The ultimate reality show has finally ended. The Republicans have been voted the sole Survivors while the Kerry camp is packing up its tents and leaving Campaign Island. As a Democrat with a heavy heart, I realize that the time has come for me to break up my yearlong relationship with you, Chris Matthews.
Our “Hardball” romance has been going steady throughout this political season. The seeds of seduction were planted during the primary campaign and the winter of our discontent. The relationship heated up in the summer of love during the Democratic Convention and finally cooled off on a sad November day last week with a fall from grace.
Throughout the changing political climate, you talked the tough talk and, in your Alpha male, apoplectic way, made me care about politics in a way I’ve never cared before.
Behind your journalistic impartiality and terrier-like tenacity, I knew you were pulling for our side, and I tuned into MSNBC night after night to watch you roar. I saw the look in your eyes Tuesday night when Ohio fell to the mighty Right. And then, Chris, I knew it was over. Not just for John Kerry and John Edwards, but for me and you and our nightly television tryst.
Sure, I still have Keith Olbermann and Jon Stewart to make me chuckle now and then at the day’s headlines. But you, Chris, were my political passion, and now, sadly, I have to say goodbye.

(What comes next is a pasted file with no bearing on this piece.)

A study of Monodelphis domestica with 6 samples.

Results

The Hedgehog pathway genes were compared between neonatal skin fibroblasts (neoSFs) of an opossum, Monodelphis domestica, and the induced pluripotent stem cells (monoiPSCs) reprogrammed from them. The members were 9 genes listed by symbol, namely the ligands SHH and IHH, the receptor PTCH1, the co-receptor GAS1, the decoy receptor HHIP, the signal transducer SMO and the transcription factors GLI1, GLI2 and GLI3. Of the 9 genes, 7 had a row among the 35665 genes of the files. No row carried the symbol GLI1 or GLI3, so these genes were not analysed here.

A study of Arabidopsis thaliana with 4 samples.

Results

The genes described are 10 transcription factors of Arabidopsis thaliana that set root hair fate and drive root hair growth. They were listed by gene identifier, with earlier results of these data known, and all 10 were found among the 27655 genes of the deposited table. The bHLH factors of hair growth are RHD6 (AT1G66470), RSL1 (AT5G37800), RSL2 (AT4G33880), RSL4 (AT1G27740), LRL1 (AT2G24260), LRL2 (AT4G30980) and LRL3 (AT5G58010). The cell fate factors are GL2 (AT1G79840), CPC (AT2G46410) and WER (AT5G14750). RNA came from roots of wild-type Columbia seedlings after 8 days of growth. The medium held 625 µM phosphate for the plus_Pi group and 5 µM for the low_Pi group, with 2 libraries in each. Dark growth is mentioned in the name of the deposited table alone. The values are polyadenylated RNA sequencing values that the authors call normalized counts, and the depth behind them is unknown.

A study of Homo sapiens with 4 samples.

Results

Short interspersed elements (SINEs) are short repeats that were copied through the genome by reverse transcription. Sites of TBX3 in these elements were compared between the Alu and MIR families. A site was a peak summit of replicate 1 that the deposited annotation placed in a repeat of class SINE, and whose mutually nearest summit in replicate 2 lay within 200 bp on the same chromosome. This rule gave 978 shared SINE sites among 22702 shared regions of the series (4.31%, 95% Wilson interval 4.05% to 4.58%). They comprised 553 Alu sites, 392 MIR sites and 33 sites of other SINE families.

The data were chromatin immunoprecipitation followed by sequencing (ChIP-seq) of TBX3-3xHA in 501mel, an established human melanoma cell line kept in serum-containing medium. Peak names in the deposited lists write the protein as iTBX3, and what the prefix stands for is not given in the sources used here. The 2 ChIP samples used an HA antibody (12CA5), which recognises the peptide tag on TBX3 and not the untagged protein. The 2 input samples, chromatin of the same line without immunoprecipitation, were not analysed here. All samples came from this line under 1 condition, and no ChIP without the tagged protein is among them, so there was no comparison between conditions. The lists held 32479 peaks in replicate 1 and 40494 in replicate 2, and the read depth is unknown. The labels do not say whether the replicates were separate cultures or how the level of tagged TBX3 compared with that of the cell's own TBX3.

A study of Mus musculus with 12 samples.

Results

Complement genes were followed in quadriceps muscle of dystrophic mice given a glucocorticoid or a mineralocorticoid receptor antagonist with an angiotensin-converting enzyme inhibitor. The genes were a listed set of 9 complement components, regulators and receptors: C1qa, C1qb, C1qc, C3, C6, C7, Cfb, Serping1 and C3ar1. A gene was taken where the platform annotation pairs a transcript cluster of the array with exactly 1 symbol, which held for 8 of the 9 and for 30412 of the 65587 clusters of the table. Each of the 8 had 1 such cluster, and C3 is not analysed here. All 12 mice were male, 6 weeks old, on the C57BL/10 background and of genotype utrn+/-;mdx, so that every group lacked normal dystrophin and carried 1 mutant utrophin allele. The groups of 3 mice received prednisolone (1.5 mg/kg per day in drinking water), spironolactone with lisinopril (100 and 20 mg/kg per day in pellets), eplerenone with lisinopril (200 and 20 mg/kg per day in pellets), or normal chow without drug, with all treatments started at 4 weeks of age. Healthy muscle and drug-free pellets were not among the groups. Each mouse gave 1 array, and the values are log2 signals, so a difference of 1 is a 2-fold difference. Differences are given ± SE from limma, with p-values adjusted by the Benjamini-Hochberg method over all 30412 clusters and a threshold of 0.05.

It’s not you, Chris, it’s me. I can’t bear to watch the pundits and their prattling post-mortem. The hangdog faces on the Democratic spin doctors with their shoulda, woulda, couldas make me want to cry. And the inevitable gloating of the other side makes me want to scream.
In the end, it all comes down to this. We, the liberal Democrats of the female persuasion, the Chardonnay-drinking, latte-sipping tree-huggers on the left, will pick ourselves up by our Charles David bootstraps and go on.
We may not have won the White House, but we tuned in and were turned on by politics in a way this country hasn’t seen since the 1960s. And while John Kerry may be no John Kennedy, he has ignited a political spark in an underrepresented and often ignored group: the single, female Democrat. And I’d like to think that you, Chris, had something to do with that.
But enough about politics. The good news for me, personally, is that my 8 p.m. nightly dance card is now wide open. I’m turning off the TV and heading back out into the world.
Chris Heinz, I’m available. Chris Matthews, can we still be friends?
Liz Siegel is a reality TV writer-producer living in Los Angeles. She can be reached at firstname.lastname@example.org.